Although humans have been swimming for thousands of years, swimming only became a competitive sport in the early 1800s. Today, swimming is the third most-watched sport in the Olympic Games.
Crossing the English Channel
In 1875, Matthew Webb ignited public interest in swimming when he became the first person to swim across the English Channel. Swimming only breastroke, it took him more than 21 hours to complete this feat. Thirty-one years would pass before another person would successfully swim across the Channel.
The Debut of Modern Olympic Swimming
In the first modern Olympic Games in 1896, men competed in four swimming events, all contested in the choppy open water of the Mediterranean Sea. Four years later at the 1900 Summer Games in Paris, all the swimming events (which included an obstacle course) were contested in the Seine River.
In the early years of recreational and competitive swimming, breastroke was the only stroke swum. In 1902, Australian Richard Cavill was the first to swim with an up-and-down kick and alternating over-arm recoveries. This stroke, dubbed the “Australian crawl,” was the beginning of modern freestyle. Johnny Weissmuller (who went on greater fame playing Tarzan in the movie of the same name) became the first man to break the one-minute barrier in the 100 Freestyle in 1912.
Women Make Splash Entering Swimming Record Books
For a variety of reasons, women had not been allowed to compete in Olympic swimming (or most other Olympic sports, for that matter) prior to 1912. But that year, women made their Olympic swimming debut, racing in the 100 meter Freestyle and the 4 x 100 meter Freestyle Relay.
In 1926, Gertrude Ederle, at age 19, became the first woman to swim the English Channel. She beat the contemporary men’s record by two hours, and secured her place in history as the first woman in a major sport to best a men’s record.
The next year the Channel Swimming Association was founded. The organization would not only establish rules for “crossing the English channel,” but have tremendous influence over the growth and development of open water swimming as a sport.
Butterfly Emerges as a New Stroke
As the sport of swimming grew, many swimmers and coaches began experimenting with new technique, particularly in an attempt to make breastroke faster. In the 1930s Americans David Armbruster and Jack Sieg came up with the double over-the-water arm recovery and the dolphin kick, respectively, which combined to form butterfly. It was allowed as an alternative form of breastroke until the 1950s, when it was declared a separate stroke. Also in the 1950s, flip turns, or tumbleturns, were first used in Olympic competition.
At the 1972 Olympics in Munich, Mark Spitz won a record seven gold medals in one Games, while sporting his famous “drag-reducing” mustache. (Later in life he would admit that the mustache provided no hydrodynamic advantage, and that he had made the claim in an attempt to psych out his Russian competitors.)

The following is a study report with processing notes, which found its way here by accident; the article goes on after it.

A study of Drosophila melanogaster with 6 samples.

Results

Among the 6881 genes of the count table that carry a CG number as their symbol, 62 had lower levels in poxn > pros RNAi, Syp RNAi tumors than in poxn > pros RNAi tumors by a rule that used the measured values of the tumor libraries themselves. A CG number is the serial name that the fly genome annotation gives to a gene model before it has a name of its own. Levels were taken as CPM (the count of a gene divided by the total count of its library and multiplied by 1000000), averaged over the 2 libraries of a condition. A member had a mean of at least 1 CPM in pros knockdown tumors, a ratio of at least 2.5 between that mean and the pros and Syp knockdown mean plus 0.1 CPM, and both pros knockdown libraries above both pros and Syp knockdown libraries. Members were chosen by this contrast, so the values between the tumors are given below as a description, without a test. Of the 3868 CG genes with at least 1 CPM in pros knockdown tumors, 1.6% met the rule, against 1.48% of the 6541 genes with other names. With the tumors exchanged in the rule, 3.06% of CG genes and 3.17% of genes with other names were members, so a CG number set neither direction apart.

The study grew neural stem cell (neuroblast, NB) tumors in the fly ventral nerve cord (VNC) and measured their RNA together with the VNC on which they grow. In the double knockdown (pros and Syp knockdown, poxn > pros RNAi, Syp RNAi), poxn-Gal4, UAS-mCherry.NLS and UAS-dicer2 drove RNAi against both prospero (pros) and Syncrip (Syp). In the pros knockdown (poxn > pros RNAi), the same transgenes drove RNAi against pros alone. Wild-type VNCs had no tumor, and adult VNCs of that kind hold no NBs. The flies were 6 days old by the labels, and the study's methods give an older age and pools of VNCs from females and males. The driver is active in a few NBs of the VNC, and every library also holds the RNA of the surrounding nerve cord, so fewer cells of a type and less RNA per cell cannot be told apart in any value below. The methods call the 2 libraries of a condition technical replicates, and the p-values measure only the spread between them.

The following Olympiad, in 1976, swimmers were finally allowed to wear goggles.
Open Water Swimming Goes Very, Very Cold
Lynne Cox, inspired by Gertrude Ederle and gifted with a unique physiology, swam across the Bering Strait in 1987 without a wetsuit. Her swim was also a feat of international political persuasion, as it took place at a time when Cold War tensions between the United States and the USSR were running high. Later, she would be the first person, man or woman, to swim just over a mile in the icy waters of Antarctica.
Backstroke Goes Underwater, Forcing a Rule Change
In 1988, American David Berkoff and other backstroke swimmers demonstrated that they could go much faster by doing underwater butterfly kicks on their back than by swimming on the surface. As a result, Japanese swimmer David Suzuki and Berkoff, the Olympic gold and silver medalists in the 100 Backstroke, went more than thirty-three meters under water at the Summer Games that year. FINA quickly amended the swimming rules to state that backstrokers must surface at or before the ten meter mark. (FINA later revised the rule to fifteen meters.)
The Most Decorated Swimmers of All-time
Also at the 1988 Games in Seoul , Korea, Kristin Otto of East Germany set the current record for the most gold medals won by a woman in a single Olympic Games, with six.
In 2004 Michael Phelps tied Mark Spitz’ record of seven Olympic gold medals in one Games, and eventually beat it in 2008, when he won eight gold. One of those medals came thanks to an astonishing swim by his teammate Jason Lezak, who caught and ultimately out-touched a French swimmer in the 4 x 100 Freestyle Relay.
Just Add Open Water to the Olympics
In the early 21st Century, swimming seems headed back to its open water roots. South Africa’s Midmar Mile race attracted over 17,000 entrants in 2004, setting a participation record for open water events. Accomplished pool swimmers began training for and competing in open water events. In 2008, the International Olympic Committee acknowledged the rising popularity of open water swimming and added for the first time a 10km open water marathon to the list of events contested at the Summer Games.